In elementary school, my friends and I shared Nancy Drew mysteries. By the time we went to high school, we had hidden bodice-rippers and soft porn books in our backpacks, contraband that could have gotten us expelled. Little did I know an Italian Fotoromanzo would fuel my fascination with dark romance. The glossy cover showed a scantily clad woman with big Sophia-Loren hair, heavy eyeliner, wide full mouth, and generous bosom, frowning at a stern man with jet black hair, chiseled cheekbones, and sharp jaw. His physique was athletic. It looked as if the tailor had stitched him into the handmade suit. The fumetto, written in Italian, used speech balloons to depict dialogue between the characters.
My mother took me to visit her sister in Italy. One hot, dry afternoon, we saw her sister, Sofia. We sipped iced expresso in her rustic courtyard. The laundry drying on the line kept us shaded. A chubby-legged toddler sucked on a piece of watermelon while I listened to their recollections.
They grew up in the late 1950s. At the time, the country was still devastated by war. The parents, siblings, and grandmother slept in a one-room home. Flooring on the rafters added sleeping space. Food was scarce, and people got sick from malnutrition.
When the Allies invaded, they brought food and medical supplies. American soldiers charged with Italy’s recovery mingled with villagers. They answered questions about America, the cars, and the food markets, stoking the villagers’ hope for a better future. But for single Italian women, their hope for the future was marriage. Reality slapped them in the face because most men drafted to fight for Mussolini died, disappeared, or went AWOL.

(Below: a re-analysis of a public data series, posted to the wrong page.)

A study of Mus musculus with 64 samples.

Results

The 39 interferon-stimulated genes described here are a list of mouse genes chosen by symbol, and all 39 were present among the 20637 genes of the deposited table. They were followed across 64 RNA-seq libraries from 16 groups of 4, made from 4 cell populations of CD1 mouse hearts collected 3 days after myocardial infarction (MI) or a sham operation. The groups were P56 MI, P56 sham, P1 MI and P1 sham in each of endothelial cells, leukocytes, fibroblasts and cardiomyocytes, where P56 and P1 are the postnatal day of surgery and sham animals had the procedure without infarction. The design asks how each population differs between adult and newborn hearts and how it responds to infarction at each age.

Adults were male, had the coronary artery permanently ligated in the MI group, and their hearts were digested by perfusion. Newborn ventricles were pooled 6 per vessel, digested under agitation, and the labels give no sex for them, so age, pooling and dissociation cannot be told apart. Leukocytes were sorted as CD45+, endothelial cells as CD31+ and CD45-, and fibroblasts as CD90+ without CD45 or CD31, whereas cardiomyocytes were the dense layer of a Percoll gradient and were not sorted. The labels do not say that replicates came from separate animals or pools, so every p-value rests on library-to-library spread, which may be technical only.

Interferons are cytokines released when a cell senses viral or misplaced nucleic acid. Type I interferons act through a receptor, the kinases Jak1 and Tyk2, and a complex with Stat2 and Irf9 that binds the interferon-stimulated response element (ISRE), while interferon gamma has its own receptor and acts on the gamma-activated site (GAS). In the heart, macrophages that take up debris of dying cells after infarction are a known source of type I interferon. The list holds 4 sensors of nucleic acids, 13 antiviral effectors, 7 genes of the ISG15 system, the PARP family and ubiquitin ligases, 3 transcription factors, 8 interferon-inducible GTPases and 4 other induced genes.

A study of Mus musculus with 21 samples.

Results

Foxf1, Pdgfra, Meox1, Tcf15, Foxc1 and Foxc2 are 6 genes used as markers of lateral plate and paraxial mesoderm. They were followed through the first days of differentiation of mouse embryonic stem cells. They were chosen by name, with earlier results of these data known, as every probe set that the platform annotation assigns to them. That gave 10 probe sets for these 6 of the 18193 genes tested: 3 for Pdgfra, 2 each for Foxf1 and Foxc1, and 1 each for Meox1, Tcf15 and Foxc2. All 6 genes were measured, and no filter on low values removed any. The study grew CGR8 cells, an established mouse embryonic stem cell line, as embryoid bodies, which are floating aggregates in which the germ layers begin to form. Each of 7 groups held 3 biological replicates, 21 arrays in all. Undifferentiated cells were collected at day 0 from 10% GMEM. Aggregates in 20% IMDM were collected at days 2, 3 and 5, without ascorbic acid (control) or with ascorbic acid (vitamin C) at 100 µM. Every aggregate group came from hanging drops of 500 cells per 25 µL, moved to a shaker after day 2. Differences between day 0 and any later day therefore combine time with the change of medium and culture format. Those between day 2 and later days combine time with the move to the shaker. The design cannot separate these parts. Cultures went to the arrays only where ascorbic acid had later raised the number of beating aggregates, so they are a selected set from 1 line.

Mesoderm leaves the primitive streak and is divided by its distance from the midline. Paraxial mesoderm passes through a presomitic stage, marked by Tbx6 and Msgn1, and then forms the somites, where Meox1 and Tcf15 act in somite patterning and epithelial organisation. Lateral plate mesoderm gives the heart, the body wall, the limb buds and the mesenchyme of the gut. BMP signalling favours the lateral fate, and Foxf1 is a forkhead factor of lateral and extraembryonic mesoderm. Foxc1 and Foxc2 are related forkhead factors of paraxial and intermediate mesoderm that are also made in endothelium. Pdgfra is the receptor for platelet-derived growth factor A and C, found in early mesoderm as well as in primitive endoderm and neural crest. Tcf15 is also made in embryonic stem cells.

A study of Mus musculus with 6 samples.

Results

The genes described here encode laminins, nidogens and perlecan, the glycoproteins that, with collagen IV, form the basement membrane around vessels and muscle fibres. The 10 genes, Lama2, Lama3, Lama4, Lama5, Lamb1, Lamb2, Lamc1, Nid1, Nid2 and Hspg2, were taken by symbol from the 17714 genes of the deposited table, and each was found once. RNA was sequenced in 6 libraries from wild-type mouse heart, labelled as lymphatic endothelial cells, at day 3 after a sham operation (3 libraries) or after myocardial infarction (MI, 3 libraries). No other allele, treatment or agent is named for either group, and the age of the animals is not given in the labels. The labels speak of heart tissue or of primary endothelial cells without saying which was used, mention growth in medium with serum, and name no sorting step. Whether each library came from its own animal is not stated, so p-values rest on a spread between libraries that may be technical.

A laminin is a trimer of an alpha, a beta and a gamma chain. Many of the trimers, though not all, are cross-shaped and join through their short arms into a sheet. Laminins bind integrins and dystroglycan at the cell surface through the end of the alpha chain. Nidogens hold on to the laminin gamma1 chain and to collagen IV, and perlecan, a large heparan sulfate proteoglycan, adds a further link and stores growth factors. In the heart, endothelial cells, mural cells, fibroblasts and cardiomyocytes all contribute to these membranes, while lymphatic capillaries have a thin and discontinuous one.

The soldiers’ discards were prized. Some items were currency. Among the spoils were dog-eared copies of the fotonovelas, which drew enthusiastic fans. The thick pamphlets included romance, pulp fiction, and cinema. They contained tons of melodrama, endless plot twists, and trite happy endings fed the gaping hole of escapism. The romance stories addressed unwanted pregnancies, the ‘secret pill,’ and women’s rights to their sexuality within the patriarchal society.
One of those fumettos made its way into her sister’s hands. Though the siblings couldn’t read, they deciphered the stories spending hours discussing the plotlines that included mistaken identities, illegitimate children, murder motivated by jealousy, and forbidden love.
My aunt asked me if I had ever read a fotoromanzo. I shook my head. She lifted the toddler’s sleeping pallet and retrieved a magazine. The cover was slightly tattered: the pages had the look of a well-read porn magazine — faded ink and the corners of the pages turned down one too many times. My mother leafed through it — the nostalgia, irresistible. The magazines had stoked their imaginations and dreams of romance when they were girls.
My aunt gave me the fumetto. That’s how I learned to read Italian. The stories addicted me to the drama of scandals and betrayals. Mom collected them from her friends for me and I devoured them. When I moved away from home, I left them at her house.
When mom had passed away, I went through boxes and old suitcases in her attic, hoping she saved the novellas for me. Laying at the bottom of one of the suitcases, under layers of her vintage, tissue-covered trousseau, lay the magazine my aunt gave me.